Should You Use Altareit's (EPA:AREIT) Statutory Earnings To Analyse It?

By
Simply Wall St
Published
January 08, 2021

Many investors consider it preferable to invest in profitable companies over unprofitable ones, because profitability suggests a business is sustainable. Having said that, sometimes statutory profit levels are not a good guide to ongoing profitability, because some short term one-off factor has impacted profit levels. This article will consider whether Altareit's (EPA:AREIT) statutory profits are a good guide to its underlying earnings.

It's good to see that over the last twelve months Altareit made a profit of €81.7m on revenue of €3.19b. In the chart below, you can see that its profit and revenue have both grown over the last three years, although its profit has slipped in the last twelve months.

Check out our latest analysis for Altareit

ENXTPA:AREIT Earnings and Revenue History January 8th 2021

Not all profits are equal, and we can learn more about the nature of a company's past profitability by diving deeper into the financial statements. Today, we'll discuss Altareit's free cashflow relative to its earnings, and consider what that tells us about the company. Note: we always recommend investors check balance sheet strength. Click here to be taken to our balance sheet analysis of Altareit.

Zooming In On Altareit's Earnings

As finance nerds would already know, the accrual ratio from cashflow is a key measure for assessing how well a company's free cash flow (FCF) matches its profit. To get the accrual ratio we first subtract FCF from profit for a period, and then divide that number by the average operating assets for the period. The ratio shows us how much a company's profit exceeds its FCF.

That means a negative accrual ratio is a good thing, because it shows that the company is bringing in more free cash flow than its profit would suggest. While having an accrual ratio above zero is of little concern, we do think it's worth noting when a company has a relatively high accrual ratio. Notably, there is some academic evidence that suggests that a high accrual ratio is a bad sign for near-term profits, generally speaking.

Altareit has an accrual ratio of -0.12 for the year to June 2020. That implies it has good cash conversion, and implies that its free cash flow solidly exceeded its profit last year. Indeed, in the last twelve months it reported free cash flow of €243m, well over the €81.7m it reported in profit. Altareit shareholders are no doubt pleased that free cash flow improved over the last twelve months.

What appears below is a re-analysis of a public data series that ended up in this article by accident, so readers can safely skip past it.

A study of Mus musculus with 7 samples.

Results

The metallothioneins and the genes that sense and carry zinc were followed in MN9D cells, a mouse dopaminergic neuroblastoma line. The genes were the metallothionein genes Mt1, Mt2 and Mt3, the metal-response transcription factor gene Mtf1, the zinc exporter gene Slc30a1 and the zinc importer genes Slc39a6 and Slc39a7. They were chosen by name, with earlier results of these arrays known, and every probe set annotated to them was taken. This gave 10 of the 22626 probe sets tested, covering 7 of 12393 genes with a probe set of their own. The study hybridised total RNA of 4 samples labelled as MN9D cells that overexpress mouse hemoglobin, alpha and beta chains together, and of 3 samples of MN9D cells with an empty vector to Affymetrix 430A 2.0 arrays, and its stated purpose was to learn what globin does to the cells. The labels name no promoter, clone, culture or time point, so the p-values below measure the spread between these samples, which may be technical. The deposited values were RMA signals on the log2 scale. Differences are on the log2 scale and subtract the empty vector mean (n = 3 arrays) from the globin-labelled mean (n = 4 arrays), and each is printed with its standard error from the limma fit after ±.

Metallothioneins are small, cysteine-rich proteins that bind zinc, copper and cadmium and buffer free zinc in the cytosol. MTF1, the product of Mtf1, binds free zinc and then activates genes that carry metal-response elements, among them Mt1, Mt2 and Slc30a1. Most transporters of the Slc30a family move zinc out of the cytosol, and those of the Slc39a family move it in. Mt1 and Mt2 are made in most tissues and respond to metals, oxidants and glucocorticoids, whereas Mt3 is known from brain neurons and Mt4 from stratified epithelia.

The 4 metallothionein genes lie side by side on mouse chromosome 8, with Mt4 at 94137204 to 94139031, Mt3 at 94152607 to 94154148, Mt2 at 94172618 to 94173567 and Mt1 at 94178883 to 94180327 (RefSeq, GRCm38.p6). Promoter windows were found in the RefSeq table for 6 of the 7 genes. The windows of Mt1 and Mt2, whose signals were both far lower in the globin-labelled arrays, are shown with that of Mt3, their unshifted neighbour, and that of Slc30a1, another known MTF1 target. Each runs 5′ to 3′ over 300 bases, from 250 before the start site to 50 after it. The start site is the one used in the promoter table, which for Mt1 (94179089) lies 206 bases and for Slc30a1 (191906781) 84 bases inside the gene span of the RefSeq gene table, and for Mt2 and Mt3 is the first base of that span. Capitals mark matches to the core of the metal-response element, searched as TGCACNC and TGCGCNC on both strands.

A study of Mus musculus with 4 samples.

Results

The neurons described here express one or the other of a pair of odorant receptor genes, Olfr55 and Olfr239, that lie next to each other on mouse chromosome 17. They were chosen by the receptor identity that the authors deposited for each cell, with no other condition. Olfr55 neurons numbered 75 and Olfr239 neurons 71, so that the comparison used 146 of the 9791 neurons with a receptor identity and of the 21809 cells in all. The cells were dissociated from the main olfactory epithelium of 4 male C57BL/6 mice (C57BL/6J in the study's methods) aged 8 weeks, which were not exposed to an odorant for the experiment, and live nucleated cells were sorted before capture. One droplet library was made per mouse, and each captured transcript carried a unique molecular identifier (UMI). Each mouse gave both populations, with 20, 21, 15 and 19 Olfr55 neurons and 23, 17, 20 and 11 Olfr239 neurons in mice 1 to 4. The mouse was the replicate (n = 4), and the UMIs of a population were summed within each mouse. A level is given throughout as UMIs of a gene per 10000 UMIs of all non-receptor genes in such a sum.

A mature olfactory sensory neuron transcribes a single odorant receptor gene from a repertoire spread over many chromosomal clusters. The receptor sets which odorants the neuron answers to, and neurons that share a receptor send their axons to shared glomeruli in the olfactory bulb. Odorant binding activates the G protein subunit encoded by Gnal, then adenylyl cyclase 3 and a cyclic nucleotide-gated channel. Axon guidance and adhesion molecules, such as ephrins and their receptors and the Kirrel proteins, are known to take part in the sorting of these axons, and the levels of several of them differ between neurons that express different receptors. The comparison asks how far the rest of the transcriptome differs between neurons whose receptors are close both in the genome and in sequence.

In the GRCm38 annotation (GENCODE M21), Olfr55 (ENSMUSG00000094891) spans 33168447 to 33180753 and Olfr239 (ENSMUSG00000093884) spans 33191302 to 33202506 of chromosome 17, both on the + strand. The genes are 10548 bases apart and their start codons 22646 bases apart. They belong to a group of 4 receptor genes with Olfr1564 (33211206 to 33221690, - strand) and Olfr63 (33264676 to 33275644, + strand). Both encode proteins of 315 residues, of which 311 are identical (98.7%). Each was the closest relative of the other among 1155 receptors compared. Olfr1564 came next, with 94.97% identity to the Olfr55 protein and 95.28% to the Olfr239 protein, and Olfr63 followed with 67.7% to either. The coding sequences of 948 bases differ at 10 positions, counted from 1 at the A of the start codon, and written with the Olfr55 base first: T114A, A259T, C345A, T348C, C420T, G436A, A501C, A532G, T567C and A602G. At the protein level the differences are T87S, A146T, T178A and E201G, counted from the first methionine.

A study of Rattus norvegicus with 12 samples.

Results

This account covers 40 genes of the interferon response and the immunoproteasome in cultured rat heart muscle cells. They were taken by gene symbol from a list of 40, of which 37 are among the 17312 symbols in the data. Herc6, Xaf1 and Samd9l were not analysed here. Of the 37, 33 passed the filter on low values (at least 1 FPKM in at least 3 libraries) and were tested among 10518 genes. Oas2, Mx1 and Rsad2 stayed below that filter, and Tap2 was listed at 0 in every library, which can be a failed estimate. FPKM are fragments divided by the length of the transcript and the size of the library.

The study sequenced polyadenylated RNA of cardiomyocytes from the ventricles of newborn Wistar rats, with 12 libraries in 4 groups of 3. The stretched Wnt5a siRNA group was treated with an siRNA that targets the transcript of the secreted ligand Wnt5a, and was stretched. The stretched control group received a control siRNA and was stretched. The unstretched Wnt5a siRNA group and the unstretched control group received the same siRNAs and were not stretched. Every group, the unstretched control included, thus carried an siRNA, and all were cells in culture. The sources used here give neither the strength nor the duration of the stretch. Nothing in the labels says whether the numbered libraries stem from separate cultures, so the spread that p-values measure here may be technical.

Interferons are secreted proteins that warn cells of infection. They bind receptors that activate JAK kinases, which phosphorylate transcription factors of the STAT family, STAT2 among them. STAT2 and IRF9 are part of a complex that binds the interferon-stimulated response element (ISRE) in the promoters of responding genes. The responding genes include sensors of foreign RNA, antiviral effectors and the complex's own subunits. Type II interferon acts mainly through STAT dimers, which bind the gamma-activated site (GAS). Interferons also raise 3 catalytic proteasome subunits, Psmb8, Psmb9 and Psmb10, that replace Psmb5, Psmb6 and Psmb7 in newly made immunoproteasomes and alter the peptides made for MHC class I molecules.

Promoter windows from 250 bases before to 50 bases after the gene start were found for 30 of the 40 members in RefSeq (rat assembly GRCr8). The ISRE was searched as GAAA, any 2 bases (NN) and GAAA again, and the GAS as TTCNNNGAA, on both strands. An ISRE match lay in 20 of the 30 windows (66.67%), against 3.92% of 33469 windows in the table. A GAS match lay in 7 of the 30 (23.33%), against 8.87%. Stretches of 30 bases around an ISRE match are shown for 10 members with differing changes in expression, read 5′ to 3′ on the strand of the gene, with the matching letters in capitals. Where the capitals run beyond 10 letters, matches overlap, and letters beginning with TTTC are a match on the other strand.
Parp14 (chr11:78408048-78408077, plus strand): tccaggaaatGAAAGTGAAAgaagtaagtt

Our Take On Altareit's Profit Performance

As we discussed above, Altareit has perfectly satisfactory free cash flow relative to profit. Because of this, we think Altareit's earnings potential is at least as good as it seems, and maybe even better! And on top of that, its earnings per share have grown at 68% per year over the last three years. Of course, we've only just scratched the surface when it comes to analysing its earnings; one could also consider margins, forecast growth, and return on investment, among other factors. In light of this, if you'd like to do more analysis on the company, it's vital to be informed of the risks involved. Every company has risks, and we've spotted 2 warning signs for Altareit (of which 1 shouldn't be ignored!) you should know about.

Today we've zoomed in on a single data point to better understand the nature of Altareit's profit. But there are plenty of other ways to inform your opinion of a company. Some people consider a high return on equity to be a good sign of a quality business. While it might take a little research on your behalf, you may find this free collection of companies boasting high return on equity, or this list of stocks that insiders are buying to be useful.